This is an archived article and the information in the article may be outdated. Please look at the time stamp on the story to see when it was last updated.

DENVER — The suicide death of 10 year old Ashawnty Davis last month in Aurora has sparked a conversation about so-called “Bullycide,” (when students are bullied to the point of being suicidal).  Davis’ family says she killed herself after a video showing her in a school yard fight was posted online.  The FOX 31 Problem Solvers have put together this special, looking at the issue of Bullycide, and the staggering teen suicide rate here in Colorado.

Experts say, recognizing the warning signs of bullying is key to prevent depression and suicide.  Every day an estimated 160,000 children in the U.S. stay home from school out of fear, according to Dr. Sheryl Ziegler, a Denver child psychologist who is an expert on bullying.

To identify bullying warning signs, Ziegler provided a some tips.

  • Parents should look for changes in children’s sleeping and eating patterns
  • Know when children’s friendships are lost or change in some way
  • Connect to children’s social media accounts and know the passwords
  • Ask: “What was the high and low of your day?”

“Every day all of us experience something that was a low of some sort,” Ziegler said.

Experts said children — not adults — are usually the ones who first sound the alarm on bullying.

That knowledge is highlighting the need for schools to focus more on educating kids to speak up.

Several school districts have posted bullying prevention resources on their websites.

Ziegler said cyberbullying has the greatest reach and often happens without anyone knowing. She warned many children will create secondary social media accounts parents are unaware of.

The bullying can sometimes lead to suicide.

“Suicide rates have doubled in the past decade,” Ziegler said. “We have a very serious problem.” provides some tips on how to recognize warning signs of suicide.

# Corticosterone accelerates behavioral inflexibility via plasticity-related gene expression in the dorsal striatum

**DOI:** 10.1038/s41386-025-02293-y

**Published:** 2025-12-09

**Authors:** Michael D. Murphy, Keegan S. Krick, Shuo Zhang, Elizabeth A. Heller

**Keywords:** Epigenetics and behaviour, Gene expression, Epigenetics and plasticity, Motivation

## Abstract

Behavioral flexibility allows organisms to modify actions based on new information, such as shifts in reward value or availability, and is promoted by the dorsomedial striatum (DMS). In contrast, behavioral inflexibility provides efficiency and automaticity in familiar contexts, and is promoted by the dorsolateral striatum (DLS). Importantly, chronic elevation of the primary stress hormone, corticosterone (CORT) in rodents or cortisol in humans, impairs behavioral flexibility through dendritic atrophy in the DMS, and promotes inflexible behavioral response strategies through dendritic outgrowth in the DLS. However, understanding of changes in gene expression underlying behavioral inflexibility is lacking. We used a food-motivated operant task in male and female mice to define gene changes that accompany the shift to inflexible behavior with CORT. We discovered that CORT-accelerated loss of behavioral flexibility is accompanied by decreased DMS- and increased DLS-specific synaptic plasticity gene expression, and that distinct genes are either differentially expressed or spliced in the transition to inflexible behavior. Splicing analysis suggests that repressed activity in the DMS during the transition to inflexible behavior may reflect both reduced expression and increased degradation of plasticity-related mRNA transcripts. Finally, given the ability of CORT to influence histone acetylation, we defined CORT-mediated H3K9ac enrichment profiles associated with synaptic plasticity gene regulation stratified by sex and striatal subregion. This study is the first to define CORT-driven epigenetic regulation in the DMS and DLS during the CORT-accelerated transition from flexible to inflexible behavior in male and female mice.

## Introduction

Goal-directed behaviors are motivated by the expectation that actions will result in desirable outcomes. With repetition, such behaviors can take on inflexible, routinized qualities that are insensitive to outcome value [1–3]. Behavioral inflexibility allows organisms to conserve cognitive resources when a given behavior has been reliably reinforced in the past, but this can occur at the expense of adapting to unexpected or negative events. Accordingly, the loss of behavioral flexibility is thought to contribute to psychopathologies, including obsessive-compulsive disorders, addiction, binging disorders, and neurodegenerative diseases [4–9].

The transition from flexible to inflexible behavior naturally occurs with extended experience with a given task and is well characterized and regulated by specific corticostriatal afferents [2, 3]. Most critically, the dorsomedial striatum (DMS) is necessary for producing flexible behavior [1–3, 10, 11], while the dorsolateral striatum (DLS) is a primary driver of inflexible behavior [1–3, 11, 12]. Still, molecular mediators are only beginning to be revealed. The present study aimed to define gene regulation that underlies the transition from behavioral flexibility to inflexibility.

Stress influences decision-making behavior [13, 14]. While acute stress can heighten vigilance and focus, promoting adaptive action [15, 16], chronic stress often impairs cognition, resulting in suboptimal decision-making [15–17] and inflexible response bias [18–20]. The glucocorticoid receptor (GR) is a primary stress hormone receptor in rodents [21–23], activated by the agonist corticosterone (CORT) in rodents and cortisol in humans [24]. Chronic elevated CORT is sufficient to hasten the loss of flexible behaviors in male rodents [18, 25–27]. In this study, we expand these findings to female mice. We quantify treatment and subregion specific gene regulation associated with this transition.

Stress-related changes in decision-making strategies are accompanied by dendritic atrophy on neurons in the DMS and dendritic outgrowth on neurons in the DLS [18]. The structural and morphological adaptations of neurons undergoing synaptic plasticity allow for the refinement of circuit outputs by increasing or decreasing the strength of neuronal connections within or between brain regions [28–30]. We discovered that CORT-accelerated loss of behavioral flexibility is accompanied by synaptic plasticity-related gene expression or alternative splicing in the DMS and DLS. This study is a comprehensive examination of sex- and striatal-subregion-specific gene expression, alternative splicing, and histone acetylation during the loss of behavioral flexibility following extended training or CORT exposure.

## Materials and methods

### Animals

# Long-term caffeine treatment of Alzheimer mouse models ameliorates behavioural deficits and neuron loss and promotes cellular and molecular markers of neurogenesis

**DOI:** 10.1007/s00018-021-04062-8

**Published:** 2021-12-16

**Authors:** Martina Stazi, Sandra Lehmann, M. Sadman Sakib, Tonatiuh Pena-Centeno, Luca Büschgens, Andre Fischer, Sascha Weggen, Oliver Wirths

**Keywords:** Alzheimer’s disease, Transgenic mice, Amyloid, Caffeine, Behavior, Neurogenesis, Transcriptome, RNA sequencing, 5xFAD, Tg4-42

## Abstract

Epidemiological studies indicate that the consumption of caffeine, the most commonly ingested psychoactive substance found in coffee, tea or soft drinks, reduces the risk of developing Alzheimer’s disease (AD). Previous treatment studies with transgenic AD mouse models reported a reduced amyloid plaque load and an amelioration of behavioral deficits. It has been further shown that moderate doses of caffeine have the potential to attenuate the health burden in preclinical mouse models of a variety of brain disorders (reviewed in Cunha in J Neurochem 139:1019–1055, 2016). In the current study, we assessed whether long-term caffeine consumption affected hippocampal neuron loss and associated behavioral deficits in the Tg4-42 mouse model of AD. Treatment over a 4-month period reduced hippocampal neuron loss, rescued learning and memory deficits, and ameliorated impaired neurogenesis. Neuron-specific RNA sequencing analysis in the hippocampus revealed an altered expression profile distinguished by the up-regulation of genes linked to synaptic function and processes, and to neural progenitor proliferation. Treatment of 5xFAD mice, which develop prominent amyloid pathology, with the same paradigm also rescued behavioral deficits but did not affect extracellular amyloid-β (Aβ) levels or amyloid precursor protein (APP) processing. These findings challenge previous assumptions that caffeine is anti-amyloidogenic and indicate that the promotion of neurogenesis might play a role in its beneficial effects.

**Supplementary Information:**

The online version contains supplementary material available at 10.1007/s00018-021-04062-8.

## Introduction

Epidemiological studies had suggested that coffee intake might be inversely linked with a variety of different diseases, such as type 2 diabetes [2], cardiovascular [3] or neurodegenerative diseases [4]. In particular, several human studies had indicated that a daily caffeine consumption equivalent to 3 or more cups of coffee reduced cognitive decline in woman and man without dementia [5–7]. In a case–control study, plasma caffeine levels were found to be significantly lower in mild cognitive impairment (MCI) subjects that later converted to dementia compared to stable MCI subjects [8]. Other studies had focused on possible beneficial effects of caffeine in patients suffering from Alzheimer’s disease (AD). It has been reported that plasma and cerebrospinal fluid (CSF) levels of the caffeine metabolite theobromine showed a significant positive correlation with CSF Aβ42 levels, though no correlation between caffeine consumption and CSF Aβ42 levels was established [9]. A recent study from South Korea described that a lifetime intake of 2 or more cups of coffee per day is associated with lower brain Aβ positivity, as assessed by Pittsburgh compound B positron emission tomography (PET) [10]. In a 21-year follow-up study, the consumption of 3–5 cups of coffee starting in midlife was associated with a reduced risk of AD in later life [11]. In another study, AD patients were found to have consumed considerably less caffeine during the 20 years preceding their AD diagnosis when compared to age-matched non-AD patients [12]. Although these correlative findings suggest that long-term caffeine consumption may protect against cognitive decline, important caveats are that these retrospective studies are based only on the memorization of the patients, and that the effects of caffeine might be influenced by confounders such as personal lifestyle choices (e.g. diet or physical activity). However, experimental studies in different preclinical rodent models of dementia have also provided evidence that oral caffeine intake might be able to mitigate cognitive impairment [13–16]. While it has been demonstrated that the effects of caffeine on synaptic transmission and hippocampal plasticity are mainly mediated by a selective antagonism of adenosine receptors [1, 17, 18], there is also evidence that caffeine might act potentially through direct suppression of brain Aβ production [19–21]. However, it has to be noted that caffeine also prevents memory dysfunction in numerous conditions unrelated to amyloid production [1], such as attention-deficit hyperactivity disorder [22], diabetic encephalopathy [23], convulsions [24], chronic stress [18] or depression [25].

• Talking about suicide: Words about dying or self-harm
  • Withdrawing from others: Isolating themselves and a desire to want to be alone
  • Self-hatred: A person may feel worthless or ashamed and say things like “everyone would be better without me.”

If you or anyone you know is experiencing suicidal thoughts or depression, the following resources are available:

Colorado Crisis Services Hotline (1-844-493-TALK): If you are in crisis or need help dealing with one, call this toll-free number 1-844-493-TALK (8255) or text TALK to 38255 to speak to a trained professional. When you call Colorado Crisis Services, you will be connected to a crisis counselor or trained professional with a master’s or doctoral degree.

Colorado Crisis Services Walk-In Locations: Walk-in crisis services are open 24/7, and offer confidential, in-person crisis support, information and referrals to anyone in need. Visit to find locations.

Colorado Child Abuse & Neglect Hotline – 1-844-CO-4-KIDS (1-844-264-5437 as the best resource for readers to report suspected child abuse and neglect.

The number serves as a direct, immediate and efficient route to all Colorado’s 64 counties and two tribal nations, which are responsible for accepting and responding to child abuse and neglect concerns. All callers are able to speak with a call-taker 24 hours a day, 365 days a year.

Experts say if you see the warning signs in someone you love it’s a good idea to talk to them. recommends saying things such as “I have been feeling concerned about you lately” or “I wanted to check in with you because you haven’t seemed yourself lately.”

It’s important to listen to them, be sympathetic, and take them seriously.

If you, or anyone you know, is having suicidal thoughts you can call the National Suicide Prevention Lifeline at 800-273-8255.

You can also text the Crisis Text Line at 741741.